Will Milner only thinks in lists. But, he wonders, don’t we all?
The woman I sit opposite at work has 23 annoying habits. I know because I made a list of them all and emailed it to her. She is not overtly offensive, that is just what I do. I list things. I know my ideal holiday destinations, cereals and preferred YouTube videos. I even know my favourite name for every letter of the alphabet and my top-10 ways to cook a potato (Lyonnaise being number one).
The now slightly shocked woman sitting opposite me thinks it is obsessive compulsive behaviour. (Diagnosing me with conditions I do not have is item number 18 on her list.) Without lists I’m afraid I would be lost: my own lists to tell me what I need to finish before the end of the week and other people’s lists to tell me what I need to do before I die.
My life, it seems, will not be considered worthy until I camp in Antarctica, sky dive over the Grand Canyon and swim at the Great Barrier Reef. I’m already running late because I was supposed to do all of that before turning 30.
Considering I spent most of the time allocated to write this article debating the relative merits of Rice Crispies versus Corn Flakes, it seems unlikely I will ever summon up the willpower to achieve all these ‘must do’ activities.
More realistic challenges might be to finish a crossword or find a hat that really suits me. Actually I think I’d be better off taking my chances with the skydiving. I am determined, however, to tick off every single suggestion from this week’s cover story (The UAE to do list, page 14).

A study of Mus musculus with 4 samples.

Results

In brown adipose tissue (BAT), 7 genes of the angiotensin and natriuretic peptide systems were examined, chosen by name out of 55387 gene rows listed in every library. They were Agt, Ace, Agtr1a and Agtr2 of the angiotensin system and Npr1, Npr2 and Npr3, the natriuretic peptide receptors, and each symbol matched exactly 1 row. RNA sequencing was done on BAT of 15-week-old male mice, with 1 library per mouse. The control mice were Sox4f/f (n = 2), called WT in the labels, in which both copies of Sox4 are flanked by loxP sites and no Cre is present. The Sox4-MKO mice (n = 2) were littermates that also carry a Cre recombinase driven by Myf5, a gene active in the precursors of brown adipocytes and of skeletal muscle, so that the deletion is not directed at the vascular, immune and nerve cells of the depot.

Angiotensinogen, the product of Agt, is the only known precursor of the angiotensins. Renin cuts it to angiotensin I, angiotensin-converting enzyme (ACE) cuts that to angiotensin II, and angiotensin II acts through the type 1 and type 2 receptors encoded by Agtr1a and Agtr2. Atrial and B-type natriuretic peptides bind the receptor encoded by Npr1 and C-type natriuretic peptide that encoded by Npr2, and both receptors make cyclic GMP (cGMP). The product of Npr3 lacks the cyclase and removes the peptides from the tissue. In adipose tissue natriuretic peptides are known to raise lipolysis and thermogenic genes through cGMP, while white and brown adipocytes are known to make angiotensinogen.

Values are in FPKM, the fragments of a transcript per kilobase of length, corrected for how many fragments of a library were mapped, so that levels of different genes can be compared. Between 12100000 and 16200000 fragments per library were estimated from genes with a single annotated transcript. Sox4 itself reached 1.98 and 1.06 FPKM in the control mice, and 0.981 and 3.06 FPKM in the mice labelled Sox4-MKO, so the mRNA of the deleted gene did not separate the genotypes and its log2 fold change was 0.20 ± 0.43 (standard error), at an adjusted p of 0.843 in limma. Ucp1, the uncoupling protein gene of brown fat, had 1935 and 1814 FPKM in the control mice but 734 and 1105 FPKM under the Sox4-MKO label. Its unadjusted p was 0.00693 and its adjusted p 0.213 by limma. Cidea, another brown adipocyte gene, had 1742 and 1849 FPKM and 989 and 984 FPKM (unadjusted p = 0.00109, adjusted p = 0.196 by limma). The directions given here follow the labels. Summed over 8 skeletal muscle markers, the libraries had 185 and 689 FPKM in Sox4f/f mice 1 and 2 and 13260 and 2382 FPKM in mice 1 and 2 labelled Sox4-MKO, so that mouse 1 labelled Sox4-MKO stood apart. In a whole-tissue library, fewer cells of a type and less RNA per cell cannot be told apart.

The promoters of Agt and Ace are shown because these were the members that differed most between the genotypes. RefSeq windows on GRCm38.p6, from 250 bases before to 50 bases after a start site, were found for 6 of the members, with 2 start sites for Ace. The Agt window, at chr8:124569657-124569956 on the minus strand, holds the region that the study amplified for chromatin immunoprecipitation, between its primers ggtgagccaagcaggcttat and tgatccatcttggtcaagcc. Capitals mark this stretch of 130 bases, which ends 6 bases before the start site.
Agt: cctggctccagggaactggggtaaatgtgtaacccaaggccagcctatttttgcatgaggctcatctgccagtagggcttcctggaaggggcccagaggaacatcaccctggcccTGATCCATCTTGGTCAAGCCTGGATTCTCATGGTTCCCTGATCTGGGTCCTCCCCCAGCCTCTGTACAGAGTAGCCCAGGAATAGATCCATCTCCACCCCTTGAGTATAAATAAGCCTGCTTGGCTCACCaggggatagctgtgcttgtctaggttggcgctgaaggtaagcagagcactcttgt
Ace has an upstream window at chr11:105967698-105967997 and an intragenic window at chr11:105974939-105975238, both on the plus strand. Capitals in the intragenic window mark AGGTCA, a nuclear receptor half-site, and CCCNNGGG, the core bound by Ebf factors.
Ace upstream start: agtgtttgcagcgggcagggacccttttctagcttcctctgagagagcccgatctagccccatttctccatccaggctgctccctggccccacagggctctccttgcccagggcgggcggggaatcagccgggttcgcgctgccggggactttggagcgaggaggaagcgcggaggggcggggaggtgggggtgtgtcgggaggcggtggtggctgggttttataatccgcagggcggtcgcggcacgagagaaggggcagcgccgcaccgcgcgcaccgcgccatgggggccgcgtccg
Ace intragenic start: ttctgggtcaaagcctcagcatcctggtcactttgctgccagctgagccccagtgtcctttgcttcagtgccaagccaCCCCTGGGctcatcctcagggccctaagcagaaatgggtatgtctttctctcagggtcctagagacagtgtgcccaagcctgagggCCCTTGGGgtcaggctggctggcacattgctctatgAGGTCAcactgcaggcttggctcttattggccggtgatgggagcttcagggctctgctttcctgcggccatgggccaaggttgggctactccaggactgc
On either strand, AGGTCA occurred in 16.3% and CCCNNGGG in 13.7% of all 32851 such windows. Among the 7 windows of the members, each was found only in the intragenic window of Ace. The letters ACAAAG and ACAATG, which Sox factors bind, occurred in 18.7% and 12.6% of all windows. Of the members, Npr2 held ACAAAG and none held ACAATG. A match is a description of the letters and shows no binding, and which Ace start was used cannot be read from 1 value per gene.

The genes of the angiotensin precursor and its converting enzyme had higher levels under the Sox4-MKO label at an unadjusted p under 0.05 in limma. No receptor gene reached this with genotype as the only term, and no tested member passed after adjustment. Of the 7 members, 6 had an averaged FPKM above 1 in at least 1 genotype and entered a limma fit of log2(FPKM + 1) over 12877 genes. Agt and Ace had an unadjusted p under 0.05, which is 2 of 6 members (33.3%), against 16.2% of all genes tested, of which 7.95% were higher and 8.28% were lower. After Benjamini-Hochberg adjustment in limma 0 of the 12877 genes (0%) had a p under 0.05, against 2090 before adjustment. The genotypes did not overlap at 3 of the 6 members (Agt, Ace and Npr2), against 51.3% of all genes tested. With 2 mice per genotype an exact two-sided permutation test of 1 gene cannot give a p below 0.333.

Like many expatriates living here I came with the notion of picking up new skills and experiencing wonderful things. And, like many expatriates in the emirates, I spent a year doing exactly that.
Memories of my first year in Dubai are a blur of snorkelling excursions, new restaurants and revelations about a different way of life. Almost 10 years later I am used to that way of life and nothing seems quite as thrilling any more. It is time to start enjoying everything Dubai has to offer all over again. I still get excited every time I take an abra and I’m desperate to take my first ride on the Metro. I don’t care if it is ‘touristy’ or clichéd: I want to sit on the back of a camel eating a shawarma while women belly dance in front of me. Is that really so wrong? In fact, after I’ve had a go at a crossword, apologised to my colleagues and gone hat shopping that is the next item on my to do list.